Advocate staff photo by HILARY SCHEINUK

Jared Poché knew since early this week what LSU coach Paul Mainieri revealed to the rest of the world Thursday morning: Poché will be the first to throw a pitch in the Baton Rouge regional.

Mainieri said he made the decision to start Poché for a variety of reasons, among them is making sure the best-case scenario doesn’t turn into a problem for LSU.

Mainieri proposed a hypothetical situation in which he started someone else Friday and LSU swept through the regional with Alex Lange pitching Saturday and Poché pitching in the championship game.

In that scenario, Mainieri said, freshman right-hander Eric Walker “would not have an opportunity to pitch. With as well as he is pitching, I want to keep him going.”

Mainieri extended the hypothetical scenario further, looking at the possibility of LSU sweeping a super regional.

“Now you go into Omaha and he’s not pitching the first game there,” Mainieri said. “By the time you’re asking him to pitch hasn’t been on the mound in three weeks.”

Of course, Mainieri isn’t assuming this is going to be the case. But he feels Poché starting Friday’s game doesn’t necessarily rule him out for the remainder of the weekend if LSU does falter and needs him later in the weekend.

“Just because we’re starting Jared Poché (Friday) doesn’t mean we’re going to burn him,” Mainieri said. “If the game develops in a way that is favorable to us, then we can always pull Jared and have him for later on in the series."

Mainieri recalled last season’s NCAA tournament, when Poché came out of the bullpen for the second time in his career and dominated Rice, retiring all but one of the 19 batters he faced.

“He proved last year that he would be very capable of coming back later in the series and pitching again,” Mainieri said.

With a win, Poché would match the LSU record of 38 set by Scott Schultz in the early 1990s. That would not factor in Mainieri's decision, though it's possible he wouldn't even have to worry about it. 

Unlike professional baseball, Poché does not need to throw a minimum of five innings to earn the win. As long as LSU uses a minimum of three pitchers, the pitcher of record is the one who departs the game with the lead.

"I checked with the official scorer to see what it would take because I didn't want to just pitch him a couple innings ... and lose his chance to be credited with the win," Mainieri said. 

Trio of All-Americans

Collegiate Baseball Newspaper released its All-American teams Thursday, and three LSU players made the cut.

Outfielder Greg Deichmann was named a first-team All-American after hitting .330 with 19 homers and 67 RBIs to lead the LSU offensive attack. It was Deichmann’s first All-America honor of his career.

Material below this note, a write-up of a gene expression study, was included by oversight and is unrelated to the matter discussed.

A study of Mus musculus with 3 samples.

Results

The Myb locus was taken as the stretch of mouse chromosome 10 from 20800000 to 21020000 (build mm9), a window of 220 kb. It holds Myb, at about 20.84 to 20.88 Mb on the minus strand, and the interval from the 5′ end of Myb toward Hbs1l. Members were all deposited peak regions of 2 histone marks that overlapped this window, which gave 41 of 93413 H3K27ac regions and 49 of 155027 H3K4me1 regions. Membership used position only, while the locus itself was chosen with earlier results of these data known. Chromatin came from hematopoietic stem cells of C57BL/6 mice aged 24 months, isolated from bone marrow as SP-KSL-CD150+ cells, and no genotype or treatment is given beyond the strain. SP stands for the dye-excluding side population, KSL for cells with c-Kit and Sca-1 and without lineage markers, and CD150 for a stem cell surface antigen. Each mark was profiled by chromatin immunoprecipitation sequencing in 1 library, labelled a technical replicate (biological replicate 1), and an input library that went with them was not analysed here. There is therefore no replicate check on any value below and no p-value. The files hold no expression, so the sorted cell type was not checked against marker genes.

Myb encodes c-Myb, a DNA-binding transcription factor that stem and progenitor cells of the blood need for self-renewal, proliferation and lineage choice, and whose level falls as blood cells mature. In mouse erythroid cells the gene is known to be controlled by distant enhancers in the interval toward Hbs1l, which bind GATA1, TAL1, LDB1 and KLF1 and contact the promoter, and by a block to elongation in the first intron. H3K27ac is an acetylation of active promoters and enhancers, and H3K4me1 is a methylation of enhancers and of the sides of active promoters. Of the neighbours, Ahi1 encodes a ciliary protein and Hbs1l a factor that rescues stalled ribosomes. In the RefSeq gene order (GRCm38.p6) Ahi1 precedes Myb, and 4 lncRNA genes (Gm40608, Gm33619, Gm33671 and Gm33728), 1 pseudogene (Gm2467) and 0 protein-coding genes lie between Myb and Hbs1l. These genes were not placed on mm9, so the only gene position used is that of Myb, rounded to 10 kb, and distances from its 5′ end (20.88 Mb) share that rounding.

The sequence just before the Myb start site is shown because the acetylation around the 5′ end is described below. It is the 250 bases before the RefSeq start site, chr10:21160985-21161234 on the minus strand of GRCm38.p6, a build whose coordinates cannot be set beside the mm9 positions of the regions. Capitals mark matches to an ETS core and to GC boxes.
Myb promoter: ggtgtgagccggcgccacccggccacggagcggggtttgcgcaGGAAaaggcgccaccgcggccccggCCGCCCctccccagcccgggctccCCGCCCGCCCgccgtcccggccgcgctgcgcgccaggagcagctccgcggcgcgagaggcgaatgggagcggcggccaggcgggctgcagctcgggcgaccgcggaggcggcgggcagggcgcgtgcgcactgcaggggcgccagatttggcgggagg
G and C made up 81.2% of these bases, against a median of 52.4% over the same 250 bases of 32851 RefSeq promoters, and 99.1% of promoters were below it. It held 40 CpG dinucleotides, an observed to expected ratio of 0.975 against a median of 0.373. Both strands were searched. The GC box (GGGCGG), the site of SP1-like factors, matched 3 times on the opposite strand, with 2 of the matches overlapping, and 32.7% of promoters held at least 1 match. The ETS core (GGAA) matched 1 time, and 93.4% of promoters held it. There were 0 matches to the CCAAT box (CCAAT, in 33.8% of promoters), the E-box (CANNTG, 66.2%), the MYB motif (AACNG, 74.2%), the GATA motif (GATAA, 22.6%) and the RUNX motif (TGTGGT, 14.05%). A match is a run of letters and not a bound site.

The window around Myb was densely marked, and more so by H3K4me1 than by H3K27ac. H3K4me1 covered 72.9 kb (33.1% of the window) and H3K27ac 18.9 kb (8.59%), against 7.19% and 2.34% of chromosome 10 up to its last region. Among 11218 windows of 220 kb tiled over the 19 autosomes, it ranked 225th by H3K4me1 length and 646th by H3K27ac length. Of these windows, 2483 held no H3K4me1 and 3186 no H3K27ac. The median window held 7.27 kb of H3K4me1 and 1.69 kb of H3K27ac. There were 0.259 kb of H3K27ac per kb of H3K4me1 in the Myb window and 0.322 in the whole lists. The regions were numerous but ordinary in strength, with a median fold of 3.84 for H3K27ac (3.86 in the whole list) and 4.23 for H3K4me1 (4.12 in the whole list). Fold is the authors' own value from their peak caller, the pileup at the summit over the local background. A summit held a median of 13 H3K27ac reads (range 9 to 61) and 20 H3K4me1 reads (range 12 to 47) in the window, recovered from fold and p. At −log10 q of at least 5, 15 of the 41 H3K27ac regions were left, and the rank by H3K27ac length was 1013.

Starting pitcher Alex Lange made the second team after leading the Southeastern Conference in strikeouts (118), while senior shortstop Kramer Robertson made the third team after leading the country in runs (76).

Louisiana-Lafayette pitcher Gunner Leger (10-2, 1.97 ERA, third team), Louisiana Tech pitcher Nate Harris (9-3, 2.31 ERA, second team) and catcher Brent Diaz (.332, 9 HR, third team) rounded out the state’s collegiate All-Americans.

The LSU trio were the only players in the Baton Rouge regional to be recognized by the publication.

Mississippi State first baseman Brent Rooker (.403, 21 HR) and Louisville’s two-way star Brendan McKay (.363, 17 HR, 9-3, 2.37 ERA) shared Player of the Year honors.

Schedule flip

Southeastern was supposed to practice late Thursday morning at Alex Box Stadium, but an accident on I-12 delayed its departure and led to the Lions switching practice times with their Friday opponent, Rice.

“Typical,” said Southeastern coach Matt Riser. “It’s inevitable. If we have a bus trip and we’re leaving town, there’s going to be a wreck somewhere in Louisiana.”

Runners, runners

The four teams in the Baton Rouge regional have combined to steal more than 300 bases between them this season, with Texas Southern (104) and Southeastern (110) responsible for a hefty chunk of the damage.

Texas Southern and Southeastern both rank in the top-10 nationally in stolen bases.

In addition to being one of the top base-stealing teams in the country, Southeastern has done the best job among teams in the Baton Rouge regional controlling opponents’ run game.

Southeastern’s opponents have been successful on only 26 of 45 stolen base attempts this season, a 57.8 percent success rate.

Teams have successfully stolen 79.8 percent of the time (57-72) against Rice this year.

Quote of the Day

“If we’re throwing strikes, we’re a pretty good team against anybody, because we can hit the ball a little bit, too. I don’t know if we can hit Alex Lange, but we can hit the ball.” — Rice coach Wayne Graham.

Follow Luke Johnson on Twitter, @ByLukeJohnson.